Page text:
Tuesday, August 16, 2005


A Guest Blogger Strikes! His Title? - Kirkegaard, Feh!

Introducing a guest blogger. This was meant to go up early in my journeys but was forstalled by technical problems. It is response, in part to the Lessons and Sermons post from just before I left. It is my sincere hope that this guest blogger shall retunr from time to time. Without further ado:

While John scours the Baltic for his aquatic namesake, Blogotional proudly presents a number of expert guest contributors. Here's the first: Davis X. McKenna, Liberal Trade-Spokesperson for the North American Blogger's Congress.

Dave writes:

First of all, let me extend my sincere thanks to John Schroeder for leaving the continent. No, I kid. As anyone can tell by reading Blogotional, John can seem to be a very nice person. And believe me, I've met him.

But about Kirkegaard. Once upon a time, I found myself in a Bible study class on the writings of St. Paul. On one evening, in one conversation, I managed to disagree with St. Paul, Kirkegaard, Freud and Einstein. I mention this only to forewarn you, gentle reader. I can be rash and thoughtless.

That said, I'm a big fan of old Soren K., except for the time he came up with that single most destructive and pernicious error in Western Christianity: the Leap of Faith.

He has rightly been called the first Christian Existentialist. And he did it almost a century before Existentialism even appeared. Existentialism, briefly, is the belief that life, the universe and everything are meaningless, but that we should all pretend otherwise because, somehow, pretending makes it real.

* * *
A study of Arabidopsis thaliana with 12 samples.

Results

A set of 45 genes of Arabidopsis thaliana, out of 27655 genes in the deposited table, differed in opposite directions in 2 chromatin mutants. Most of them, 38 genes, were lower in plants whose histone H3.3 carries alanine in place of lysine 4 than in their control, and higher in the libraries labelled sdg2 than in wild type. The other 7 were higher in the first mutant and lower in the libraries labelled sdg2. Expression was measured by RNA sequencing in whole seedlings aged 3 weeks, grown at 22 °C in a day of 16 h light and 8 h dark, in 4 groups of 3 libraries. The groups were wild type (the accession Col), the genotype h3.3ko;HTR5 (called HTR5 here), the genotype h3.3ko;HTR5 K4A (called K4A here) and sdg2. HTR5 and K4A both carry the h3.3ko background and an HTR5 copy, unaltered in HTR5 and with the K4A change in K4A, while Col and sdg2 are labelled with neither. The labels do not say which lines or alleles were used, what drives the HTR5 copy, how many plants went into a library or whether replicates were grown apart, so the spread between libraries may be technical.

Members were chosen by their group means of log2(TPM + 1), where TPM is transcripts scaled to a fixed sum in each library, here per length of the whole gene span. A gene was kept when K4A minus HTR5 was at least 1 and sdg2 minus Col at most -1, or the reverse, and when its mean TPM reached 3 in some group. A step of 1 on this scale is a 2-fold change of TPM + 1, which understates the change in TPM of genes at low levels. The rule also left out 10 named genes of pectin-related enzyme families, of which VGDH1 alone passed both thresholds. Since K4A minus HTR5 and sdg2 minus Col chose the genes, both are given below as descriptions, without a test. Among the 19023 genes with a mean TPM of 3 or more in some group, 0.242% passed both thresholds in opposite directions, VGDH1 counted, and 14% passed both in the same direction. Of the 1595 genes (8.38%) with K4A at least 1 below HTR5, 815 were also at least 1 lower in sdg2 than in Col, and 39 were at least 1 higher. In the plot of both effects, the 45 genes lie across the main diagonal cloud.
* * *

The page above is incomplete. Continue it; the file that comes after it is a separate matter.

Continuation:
Similarly, Kirkegaard imagined an infinite wall between us and God that we can't climb over, dig under or run around. But by believing, we can somehow be on the other side. This is stupid.

In places where the Leap of Faith is embraced, there's really no operational difference between "faith" and "self-delusion". If you're doing this, stop it, now.

On the other hand, Kirkegaard wrote a lovely non-stupid extended metaphor about worship, which, if John or any of his Blogotional readers had bothered to consider, would have obviated the recent effluence of worship discussions on this very blog.

Kirkegaard's idea of a personal encounter with God is also fairly pernicious, but only because it's been misunderstood and misapplied. It makes American Christians sound especially silly. They have a personal computer on their desktop, personal hygiene spray in their medicine cabinet, and a personal lord and savior in their jeans pocket.